How many pens, biros, markers, felt pens have you got on your desk, round the house, in your bag or briefcase, in your pocket? If you’re anything like me, you’ve got lots. How many of them are made of plastic? Don’t tell me – pretty much all of them. But do you need to write everything down in such a way that it is permanent or indelible?
Some things you might never want rubbed out, like official forms or a love letter to a significant other (for the romantics amongst us). But some things are written down today and gone tomorrow – shopping lists, reminder notes, phone messages for work colleagues – that are just going to end up in the bin. So, why not keep a pencil on your desk, by the phone, by the pad where you write your lists or anywhere that you need to jot things down?
Try removing one plastic pen from your desk, your home, your bag, your pocket and replace it with a pencil. Sure, keep a pen too for those scribblings that need to be kept forever, but you can probably write down half of everything you write with a trusty, old pencil – a bit of lead, graphite, whatever, surrounded by wood and biodegradable.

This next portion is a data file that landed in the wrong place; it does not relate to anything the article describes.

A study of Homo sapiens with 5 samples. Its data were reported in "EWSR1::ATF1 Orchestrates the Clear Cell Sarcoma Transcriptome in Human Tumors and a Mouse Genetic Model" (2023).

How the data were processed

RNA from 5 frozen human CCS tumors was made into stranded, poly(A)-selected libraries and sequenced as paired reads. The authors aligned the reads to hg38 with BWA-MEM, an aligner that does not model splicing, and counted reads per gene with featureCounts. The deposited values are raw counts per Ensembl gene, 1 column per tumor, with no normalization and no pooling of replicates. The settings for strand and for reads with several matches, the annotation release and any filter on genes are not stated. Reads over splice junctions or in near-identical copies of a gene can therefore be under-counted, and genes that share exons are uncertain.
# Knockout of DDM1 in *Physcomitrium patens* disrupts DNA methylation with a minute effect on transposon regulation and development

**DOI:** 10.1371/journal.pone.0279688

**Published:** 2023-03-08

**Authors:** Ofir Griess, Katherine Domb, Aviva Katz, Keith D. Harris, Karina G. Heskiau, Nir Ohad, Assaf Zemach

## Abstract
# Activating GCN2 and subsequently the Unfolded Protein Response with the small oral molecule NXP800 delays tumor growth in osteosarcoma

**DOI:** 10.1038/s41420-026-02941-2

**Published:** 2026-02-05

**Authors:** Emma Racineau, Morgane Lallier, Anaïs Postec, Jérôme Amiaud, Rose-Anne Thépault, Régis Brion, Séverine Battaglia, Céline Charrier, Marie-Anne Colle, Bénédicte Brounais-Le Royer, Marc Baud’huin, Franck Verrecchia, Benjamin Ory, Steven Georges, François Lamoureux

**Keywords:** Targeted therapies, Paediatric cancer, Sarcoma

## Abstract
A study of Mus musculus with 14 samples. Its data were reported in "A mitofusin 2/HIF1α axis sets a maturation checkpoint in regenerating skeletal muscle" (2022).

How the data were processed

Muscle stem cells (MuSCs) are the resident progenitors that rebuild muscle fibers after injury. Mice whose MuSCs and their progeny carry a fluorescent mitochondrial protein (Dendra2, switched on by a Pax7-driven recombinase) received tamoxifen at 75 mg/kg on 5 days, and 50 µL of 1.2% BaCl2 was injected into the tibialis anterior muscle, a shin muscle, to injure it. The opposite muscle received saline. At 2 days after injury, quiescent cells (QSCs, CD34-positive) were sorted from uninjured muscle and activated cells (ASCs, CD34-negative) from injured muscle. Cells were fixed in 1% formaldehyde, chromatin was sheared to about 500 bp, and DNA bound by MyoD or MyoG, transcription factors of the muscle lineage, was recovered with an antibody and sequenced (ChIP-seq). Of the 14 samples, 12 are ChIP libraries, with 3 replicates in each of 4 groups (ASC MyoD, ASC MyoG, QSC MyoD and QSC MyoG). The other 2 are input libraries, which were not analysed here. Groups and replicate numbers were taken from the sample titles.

A pencil will last much longer than a biro, cost the same (or less), and you’ll have plenty of notice before it runs out. You can even write upside down with it. Plus, if you make a mistake, you can simply rub it out. Oh, and you’ll need a pencil sharpener – make sure it’s not plastic!
If you’re a parent with a creative child, why not swap some of their plastic-covered felt pens for colourful pencils or crayons? They won’t dry out if they leave the top off – and they’re much easier to clean off when your little darling scribbles all over the walls (that goes for office workers too!). If your baby produces a true piece of art with their pencils that you want to keep forever, you can buy spray fixatives from art shops to keep their masterpiece looking like new until you’re ready to embarrass them as teenagers.
But if you truly love pen and ink as much as I do (I really do!), then you might think about investing in a fountain pen (preferably not a plastic one) where you can refill the ink. If it’s a really special one, the chances are you’ll never want to throw it away.
Just think: If each person in the UK bought one less biro this year, that would be more than 66 million fewer plastic pens in the ocean in 2018. Quite a thought.